Like any other business, television is one filled with risks. It takes millions of dollars and a small army to put together a TV series, and that kind of investment automatically means, for better or (often) worse, that the networks who hosts these shows get a large say into what does or doesn't happen on said series. It's the rare show that gets by without a lot of network input (interference?), and it's safe to say that even in those cases, it's just that we don't hear about the notes that are passed along from executive suite to writers' room. But, as is often the case with many lines of work, we tend to hear about the messy stuff more than the clean. And this appears to be the case with one of the more popular series on TV today, the medical dramedy Grey's Anatomy, now in its fifth season on ABC.
A few seasons back, Brooke Smith, a respected New York-based actress known mostly for her work in the Big Apple theater scene and in some interesting film roles (Buffalo Bill's last victim in the Oscar-winning The Silence of the Lambs; a pregnant, gun-toting reality star in the satirical Series 7; Naomi Watts' jugdmental best friend in Woody Allen's Melinda & Melinda), did a guest-star arc on Grey's as Erica Hahn, a skilled but abrasive cardiac surgeon who was a rival to Isaiah Washington's Preston Burke. During the middle of last season, Smith became a regular as Hahn replaced Burke on the staff of Seattle Grace Hospital. What followed was an intriguing storyline when Erica started a relationship with orthopedic specialist Dr. Callie Torres (Sara Ramirez), marked in large part by a kiss shared between the two in May's finale. Prior to this, neither character had identified as gay or even bisexual, but the couple conitnued on as this fall's batch of new shows started. Tentatively, with humor and charm and poignancy and, yes, some missteps (including a few from the writers), Erica and Callie forged ahead, eventually going to bed together in a sequence that was marked by a great piece of acting from Smith in last week's episode, when Erica frightened Callie and maybe herself with the post-coital realization that, after all these years, she was indeed a lesbian. Many critics praised how Grey's writers, including creator Shonda Rhimes, were handling the plot, and much was made of the fact that this wasn't another "lesbian guest-star" situation, that this may have been the first time in network TV history that an ongoing lesbian romance consisted of two established regulars, neither of whom was going to just disappear one day.
Well, strike that, because today the news broke that Smith has been fired from the series, her last episode to air on Thursday. What's more, Erica in fact will just disappear, as the character has no departure story per se. As Smith told Entertainment Weekly in an exclusive online story, Erica just gets in her car and drives away, most likely never to be seen again.
But wait, it gets better. Despite a late-evening statement released by Rhimes in which she seems to take the bullet for Smith's abrupt pink slip (citing a lack of "magic and chemistry"), it seems that the decision was out of her hands - that ABC decreed that the Hahn character be removed from the Grey's equation. And, according to E! Online, a new bisexual character to be played by Melissa George (Alias) has been changed. George will still be on the show, but her character will no longer be bisexual.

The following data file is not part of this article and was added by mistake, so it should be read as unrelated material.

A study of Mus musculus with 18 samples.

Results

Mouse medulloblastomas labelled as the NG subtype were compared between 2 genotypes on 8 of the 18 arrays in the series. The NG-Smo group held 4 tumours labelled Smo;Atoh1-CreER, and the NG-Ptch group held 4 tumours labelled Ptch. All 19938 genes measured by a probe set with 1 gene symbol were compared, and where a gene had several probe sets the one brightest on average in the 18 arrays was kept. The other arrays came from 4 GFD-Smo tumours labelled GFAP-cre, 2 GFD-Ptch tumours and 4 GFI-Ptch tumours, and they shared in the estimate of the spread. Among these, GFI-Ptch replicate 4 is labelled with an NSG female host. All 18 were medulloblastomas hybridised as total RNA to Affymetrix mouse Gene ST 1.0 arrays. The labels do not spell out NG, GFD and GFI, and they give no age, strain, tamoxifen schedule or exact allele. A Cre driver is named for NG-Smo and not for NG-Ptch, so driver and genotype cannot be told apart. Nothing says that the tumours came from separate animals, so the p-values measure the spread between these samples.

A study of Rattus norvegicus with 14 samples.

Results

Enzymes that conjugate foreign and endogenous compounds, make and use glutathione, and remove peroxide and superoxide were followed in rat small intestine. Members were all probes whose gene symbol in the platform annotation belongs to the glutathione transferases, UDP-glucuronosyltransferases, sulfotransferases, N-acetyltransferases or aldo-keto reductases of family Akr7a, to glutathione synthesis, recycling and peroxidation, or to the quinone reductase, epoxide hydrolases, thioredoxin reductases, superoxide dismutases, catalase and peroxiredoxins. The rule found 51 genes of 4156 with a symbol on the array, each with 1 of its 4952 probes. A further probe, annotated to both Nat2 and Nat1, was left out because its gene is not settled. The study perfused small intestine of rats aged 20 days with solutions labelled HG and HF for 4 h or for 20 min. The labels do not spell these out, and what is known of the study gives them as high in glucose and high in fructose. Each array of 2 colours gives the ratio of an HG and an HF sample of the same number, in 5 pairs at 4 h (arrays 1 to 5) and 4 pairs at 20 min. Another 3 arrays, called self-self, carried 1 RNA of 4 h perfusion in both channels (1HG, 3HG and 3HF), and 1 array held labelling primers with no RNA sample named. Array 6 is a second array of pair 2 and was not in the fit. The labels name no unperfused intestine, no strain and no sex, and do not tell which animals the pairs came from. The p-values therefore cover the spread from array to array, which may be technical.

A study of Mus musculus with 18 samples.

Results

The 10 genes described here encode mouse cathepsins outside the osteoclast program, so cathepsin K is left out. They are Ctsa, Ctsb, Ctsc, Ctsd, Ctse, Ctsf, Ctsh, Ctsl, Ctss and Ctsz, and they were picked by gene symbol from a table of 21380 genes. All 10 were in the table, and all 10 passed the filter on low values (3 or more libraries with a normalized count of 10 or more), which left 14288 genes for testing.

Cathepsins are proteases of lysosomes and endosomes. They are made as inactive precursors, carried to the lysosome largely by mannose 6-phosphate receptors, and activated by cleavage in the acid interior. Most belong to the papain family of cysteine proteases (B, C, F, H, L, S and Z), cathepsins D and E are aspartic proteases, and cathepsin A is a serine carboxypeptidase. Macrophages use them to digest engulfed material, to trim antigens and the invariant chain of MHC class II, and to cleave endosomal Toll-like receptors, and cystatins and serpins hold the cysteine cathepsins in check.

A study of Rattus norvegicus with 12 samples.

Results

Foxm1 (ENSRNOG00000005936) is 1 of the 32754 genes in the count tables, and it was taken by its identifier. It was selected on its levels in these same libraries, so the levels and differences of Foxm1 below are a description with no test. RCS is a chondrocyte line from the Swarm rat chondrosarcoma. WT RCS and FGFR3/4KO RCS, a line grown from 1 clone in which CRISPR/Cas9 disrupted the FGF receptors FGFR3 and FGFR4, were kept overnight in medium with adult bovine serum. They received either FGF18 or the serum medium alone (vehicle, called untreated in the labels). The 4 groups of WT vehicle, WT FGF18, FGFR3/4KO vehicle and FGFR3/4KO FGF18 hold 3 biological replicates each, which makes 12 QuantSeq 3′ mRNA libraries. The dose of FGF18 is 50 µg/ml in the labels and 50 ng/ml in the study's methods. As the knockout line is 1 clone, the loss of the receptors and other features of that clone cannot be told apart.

TV is no stranger to characters who simply don't end up fitting into the mix of an established show, and if either Rhimes or ABC had felt that Smith's chemistry wasn't right on Grey's, that would have been seen as somewhat legitimate. But the subsequent alteration of another out character, George's, makes this developing quite troubling. Let us not forget that ABC was the network that was airing Ellen DeGeneres' eponymous series when both DeGeneres and her TV doppelgänger came out of the closet. ABC reaped the rating benefits of that whirlwind, but when Ellen's ratings declined and even gays though the show was "too gay," they bailed on the series the following year. Now, that was almost 10 years ago, but it may not be too hard for some to see a trend here. Of course, both ABC and Rhimes can say that Grey's still has the bisexual Callie in the cast, but how much will we see that side of her from now on? And one also has to consider what happened to another popular ABC series, Ugly Betty, where openly gay co-executive producer Marco Pennette was fired last season at around the time that Rebecca Romijn, who played a transsexual on the comedy series, was demoted to recurring status. Some interpreted that as an attempt by the network to "de-gay" the series. To be fair, it's important to note that gay characters remain on Ugly Betty, along with other ABC shows such as Desperate Housewives and Brothers and Sisters (though that series' openly gay executive producer departed under hinky conditions last season). But is there a trend here?
Meanwhile, there's Smith, who this summer told TV reporters, myself included, how excited she was about the opportunity of being on Grey's, and on doing some possibly groundbreaking television. The native New Yorker had moved her husband and two kids cross-country for the part, and the family had just purchased a house on the West Coast. Being an actor for most of her adult life, Smith no doubt is used to professional disappointment, and she's more than talented enough to bounce back from this setback. But it's a shame that what may be perceived, fairly or otherwise, as a bad case of network homophobia has such collateral damage.
Oh, and I can't what to see what GLAAD and other organizations have to say about this Tuesday morning. Or maybe Wednesday morning, since there are some bigger fish to fry tomorrow.